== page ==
Researchers say the Apple Watch and Android Wear watches can detect early signs of diabetes, according to large study involving more than 14,000 Cardiogram app users.

The study, conducted by researchers at UC San Francisco and Cardiogram, was released on Wednesday. Cardiogram, a digital health startup, was founded in 2016 by ex-Googlers Johnson Hsieh and Brandon Ballinger. The Cardiogram app is available for iOS and Android and is compatible with all Apple Watches and Android Wear devices, including the Huawei Watch, LG Watch Sport, Moto 360 and more. The app has more than 250,000 users.

For the study, researchers recruited 14,011 Cardiogram users. Researchers then used 33,628 person-weeks of health sensor data to train a deep neural network, called DeepHeart, by showing it samples from people who had or didn’t have diabetes, hypertension, sleep apnea, atrial fibrillation and high cholesterol.

“Typical deep learning algorithms are data-hungry, requiring millions of labeled examples, but in medicine, each label represents a human life at risk—for example, a person who recently suffered a heart attack or experienced an abnormal heart rhythm,” Hsieh explained in a Q&A. “To solve this challenge, researchers applied two semi-supervised deep learning techniques (‘unsupervised sequence pretraining’ and ‘weakly-supervised heuristic pretraining’) which made use of both labeled and unlabeled heart rate data to improve accuracy. The final deep neural network contained 564,227 neural network weights and both convolutional and recurrent layers.”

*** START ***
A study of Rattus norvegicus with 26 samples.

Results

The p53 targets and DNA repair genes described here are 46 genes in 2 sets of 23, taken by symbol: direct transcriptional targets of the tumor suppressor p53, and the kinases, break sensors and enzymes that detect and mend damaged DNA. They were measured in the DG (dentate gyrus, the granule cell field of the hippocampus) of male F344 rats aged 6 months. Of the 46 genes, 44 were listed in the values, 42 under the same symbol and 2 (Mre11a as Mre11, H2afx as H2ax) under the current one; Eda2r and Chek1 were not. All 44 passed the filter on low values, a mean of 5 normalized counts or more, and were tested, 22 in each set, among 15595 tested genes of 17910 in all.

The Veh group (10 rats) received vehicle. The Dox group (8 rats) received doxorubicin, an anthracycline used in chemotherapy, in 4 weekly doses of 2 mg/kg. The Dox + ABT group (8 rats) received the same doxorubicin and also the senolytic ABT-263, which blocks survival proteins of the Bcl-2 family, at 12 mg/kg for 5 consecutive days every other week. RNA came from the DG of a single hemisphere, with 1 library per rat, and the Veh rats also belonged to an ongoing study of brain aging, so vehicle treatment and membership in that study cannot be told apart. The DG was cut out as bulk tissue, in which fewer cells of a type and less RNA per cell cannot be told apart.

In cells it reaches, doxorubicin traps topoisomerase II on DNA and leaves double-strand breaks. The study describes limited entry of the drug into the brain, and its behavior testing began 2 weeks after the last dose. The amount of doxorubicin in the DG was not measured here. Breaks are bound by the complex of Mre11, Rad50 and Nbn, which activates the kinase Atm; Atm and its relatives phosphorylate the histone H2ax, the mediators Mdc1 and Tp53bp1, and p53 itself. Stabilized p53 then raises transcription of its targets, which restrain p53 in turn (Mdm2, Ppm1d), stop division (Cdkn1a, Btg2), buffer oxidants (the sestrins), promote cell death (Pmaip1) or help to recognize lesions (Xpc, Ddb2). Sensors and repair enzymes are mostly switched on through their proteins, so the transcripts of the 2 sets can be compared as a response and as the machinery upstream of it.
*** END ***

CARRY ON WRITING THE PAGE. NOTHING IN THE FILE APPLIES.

The accuracy of the deep neural network was determined by using 12,790 person-weeks of data from a separate set of participants who did not have their data applied during its training. The study found DeepHeart had an 85 percent accuracy in distinguishing between people with and without diabetes.

The study, which used 200 million heart rate and step count measurements, found diabetes can be detected by using only heart rate and step count data.

“Your heart is connected with your pancreas via the autonomic nervous system. As people develop the early stages of diabetes, their pattern of heart rate variability shifts,” Hsieh explained. “In 2015, the Framingham Heart Study showed that high resting heart rate and low heart rate variability predicts who will develop diabetes over a 12-year period. In 2005, the ARIC study showed that heart rate variability declines faster in diabetics than non-diabetics over a 9-year period.”

Cardiogram app The Cardiogram app. A new study shows heart rate and step count data from wearable devices can be used to determine early signs of diabetes. Photo: Cardiogram

Researchers also found DeepHeart had a high accuracy among other conditions.

“We’ve shown high accuracy in detecting four common health conditions—diabetes, sleep apnea, hypertension, and high cholesterol–using readily available, off-the-shelf heart rate monitors,” the study said. “Since these four conditions are highly prevalent, commonly undiagnosed, and reduced HRV is associated with the earliest stages of disease progression, this suggests a new approach to public health screening using deep learning.”

Researchers added: “This work is a first step in showing how health conditions can be detected using techniques first developed in natural language processing and computer vision.”

Following the study, Cardiogram plans to launch new features this year that will incorporate DeepHeart within the iOS and Android apps, said Ballinger.